Tulsa Race Massacre: Researchers Discover 10 Remains in Search for Victims


Oklahoma state archaeologist Kary Stacklebeck said that 10 wooden coffins were discovered in an area known as the “Original 18,” where funeral home records show at least 18 Black victims were buried. It is believed that there is one person in each coffin, Stackelbeck said.

“What we were finding was an indication that they were inside a large area…a large hole that had been excavated and into which several individuals had been placed and buried in that location. This constitutes a mass grave,” Oklahoma state archaeologist Kary Stackelbeck said, according to USA Today.

Forensic anthropologist Phoebe Stubblefield, a descendant of a survivor of the massacre who is assisting in the search, said it will take time to determine the identity of the remains and cause of death. Stubblefield said that the remains’ teeth have shown up but non-dental structures have deteriorated.

“Those skeletal remains are not in great condition,” Stackelbeck said, according to The Associated Press (AP). “They’re not the worst condition we have seen…but they’re not the best.”

According to Tulsa World, it is unclear when researchers will be able to exhume the remains. In the meantime, researchers are covering them back up so as to not expose them to the elements. Stackelbeck noted that the condition of the bones, the high clay content of the soil and the poor condition of the coffins is complicating the excavation.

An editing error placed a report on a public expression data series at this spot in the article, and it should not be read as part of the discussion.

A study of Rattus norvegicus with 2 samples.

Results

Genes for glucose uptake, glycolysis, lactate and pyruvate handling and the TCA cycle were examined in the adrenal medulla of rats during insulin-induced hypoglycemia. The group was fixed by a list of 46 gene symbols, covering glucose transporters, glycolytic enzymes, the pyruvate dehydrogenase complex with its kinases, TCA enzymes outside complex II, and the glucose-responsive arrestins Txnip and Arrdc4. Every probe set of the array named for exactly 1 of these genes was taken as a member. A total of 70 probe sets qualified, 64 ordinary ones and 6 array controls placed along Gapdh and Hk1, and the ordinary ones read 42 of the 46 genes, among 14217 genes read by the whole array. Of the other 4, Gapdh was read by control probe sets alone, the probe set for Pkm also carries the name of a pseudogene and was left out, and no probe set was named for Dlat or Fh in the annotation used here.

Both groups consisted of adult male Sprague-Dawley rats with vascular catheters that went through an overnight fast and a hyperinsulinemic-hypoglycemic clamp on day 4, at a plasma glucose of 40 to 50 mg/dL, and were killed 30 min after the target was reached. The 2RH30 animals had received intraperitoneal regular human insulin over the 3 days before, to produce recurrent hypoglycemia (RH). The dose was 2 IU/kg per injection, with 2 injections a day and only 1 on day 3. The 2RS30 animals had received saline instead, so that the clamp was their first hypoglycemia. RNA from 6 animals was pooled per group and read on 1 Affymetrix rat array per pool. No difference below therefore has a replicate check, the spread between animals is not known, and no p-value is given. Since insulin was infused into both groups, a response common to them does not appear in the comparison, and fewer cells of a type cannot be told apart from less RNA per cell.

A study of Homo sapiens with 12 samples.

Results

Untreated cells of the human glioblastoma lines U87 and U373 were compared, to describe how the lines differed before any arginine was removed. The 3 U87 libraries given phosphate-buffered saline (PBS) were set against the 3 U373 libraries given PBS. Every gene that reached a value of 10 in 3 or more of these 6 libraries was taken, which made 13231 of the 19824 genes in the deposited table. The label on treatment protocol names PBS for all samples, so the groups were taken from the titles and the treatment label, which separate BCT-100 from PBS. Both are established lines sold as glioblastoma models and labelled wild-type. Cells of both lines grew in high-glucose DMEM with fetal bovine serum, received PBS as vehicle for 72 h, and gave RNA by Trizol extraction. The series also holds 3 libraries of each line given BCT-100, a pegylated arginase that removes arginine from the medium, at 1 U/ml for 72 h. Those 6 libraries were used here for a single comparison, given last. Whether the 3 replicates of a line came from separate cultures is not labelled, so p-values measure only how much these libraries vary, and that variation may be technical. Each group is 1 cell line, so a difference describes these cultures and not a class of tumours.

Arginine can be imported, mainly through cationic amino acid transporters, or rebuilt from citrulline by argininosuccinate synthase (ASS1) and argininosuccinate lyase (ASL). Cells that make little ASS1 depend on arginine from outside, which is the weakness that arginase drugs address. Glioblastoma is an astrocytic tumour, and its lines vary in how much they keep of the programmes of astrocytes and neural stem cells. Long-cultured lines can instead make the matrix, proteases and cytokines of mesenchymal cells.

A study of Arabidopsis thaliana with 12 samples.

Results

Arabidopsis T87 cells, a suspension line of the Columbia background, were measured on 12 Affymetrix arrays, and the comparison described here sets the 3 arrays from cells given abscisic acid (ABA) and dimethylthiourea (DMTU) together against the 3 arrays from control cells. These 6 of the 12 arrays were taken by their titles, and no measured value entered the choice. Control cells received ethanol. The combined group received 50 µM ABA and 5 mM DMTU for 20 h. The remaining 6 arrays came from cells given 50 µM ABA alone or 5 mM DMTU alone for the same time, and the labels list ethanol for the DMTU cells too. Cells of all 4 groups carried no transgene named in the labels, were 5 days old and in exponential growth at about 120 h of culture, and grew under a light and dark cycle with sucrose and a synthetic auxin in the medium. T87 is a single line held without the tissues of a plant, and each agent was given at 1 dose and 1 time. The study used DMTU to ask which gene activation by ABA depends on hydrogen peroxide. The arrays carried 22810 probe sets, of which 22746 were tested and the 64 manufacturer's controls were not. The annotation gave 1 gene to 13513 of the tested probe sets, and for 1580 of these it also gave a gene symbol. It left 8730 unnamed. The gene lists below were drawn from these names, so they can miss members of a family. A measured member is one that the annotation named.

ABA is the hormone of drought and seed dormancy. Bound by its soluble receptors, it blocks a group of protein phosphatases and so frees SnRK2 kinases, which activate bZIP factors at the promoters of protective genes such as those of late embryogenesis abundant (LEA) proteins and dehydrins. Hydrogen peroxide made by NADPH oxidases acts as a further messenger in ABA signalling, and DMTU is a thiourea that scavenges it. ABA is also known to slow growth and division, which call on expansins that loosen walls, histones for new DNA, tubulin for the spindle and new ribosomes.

The Original 18

The latest discovery is consistent with newspaper reports and funeral home records from 1921 that 18 Black massacre victims were buried in Oaklawn Cemetery. Tulsa World noted that original reports did not say where the victims were buried, but an article from the newspaper dated on June 3, 1921, reported that they were buried “separately and in plain caskets.”

While there are two headstones marking the graves of two massacre victims in the Original 18, the area where the 10 remains were found is unmarked. Stackelbeck also noted that another set of remains were discovered nearby on Oct. 20.

“We have not yet made our assessment to say that these do actually represent the massacre victims,” Stackelbeck said. “Whether they are associated with the same event or the same time period of burial is something that we are still in the process of assessing.”

Stackelbeck and historian Scott Ellsworth said that it is possible that the remains belong to massacre victims who are not the 18 Black men.

Search for Massacre Mass Graves

In February, Oklahoma officials announced they were moving forward with plans to excavate for mass graves believed to be used to bury the victims of the 1921 Black Wall Street Massacre.

Hundreds were murdered and thousands more displaced when mobs of white supremacists set businesses and homes ablaze in the city’s thriving Black neighborhood of Greenwood. The neighborhood, which was founded after the Civil War, was also known as “Black Wall Street” due to its thriving Black business scene.

Between May 31 and June 1, 1921, mobs of angry white people descended on Greenwood with shotguns and Molotov cocktails. The mobs terrorized the neighborhood and its residents for more than 16 hours, killing an estimated 300 people and driving thousands from their homes and businesses.

The violence began after rumors spread that a Black man attempted to sexually assault a white woman inside an elevator. However, a 2001 report by the Oklahoma Commission to Study the Tulsa Race Riot of 1921 determined that the man most likely tripped and bumped into the woman, who proceeded to scream and run away.

About the Author

Nicole Rojas is a senior writer for The North Star. She has published in various publications, including Newsweek, GlobalPost, IHS Jane’s Defence Weekly, and the Long Island Post. Nicole graduated from Boston University in 2012 with a degree in print journalism. She is an avid world traveler who recently explored the Americas, Asia, Australia and Europe.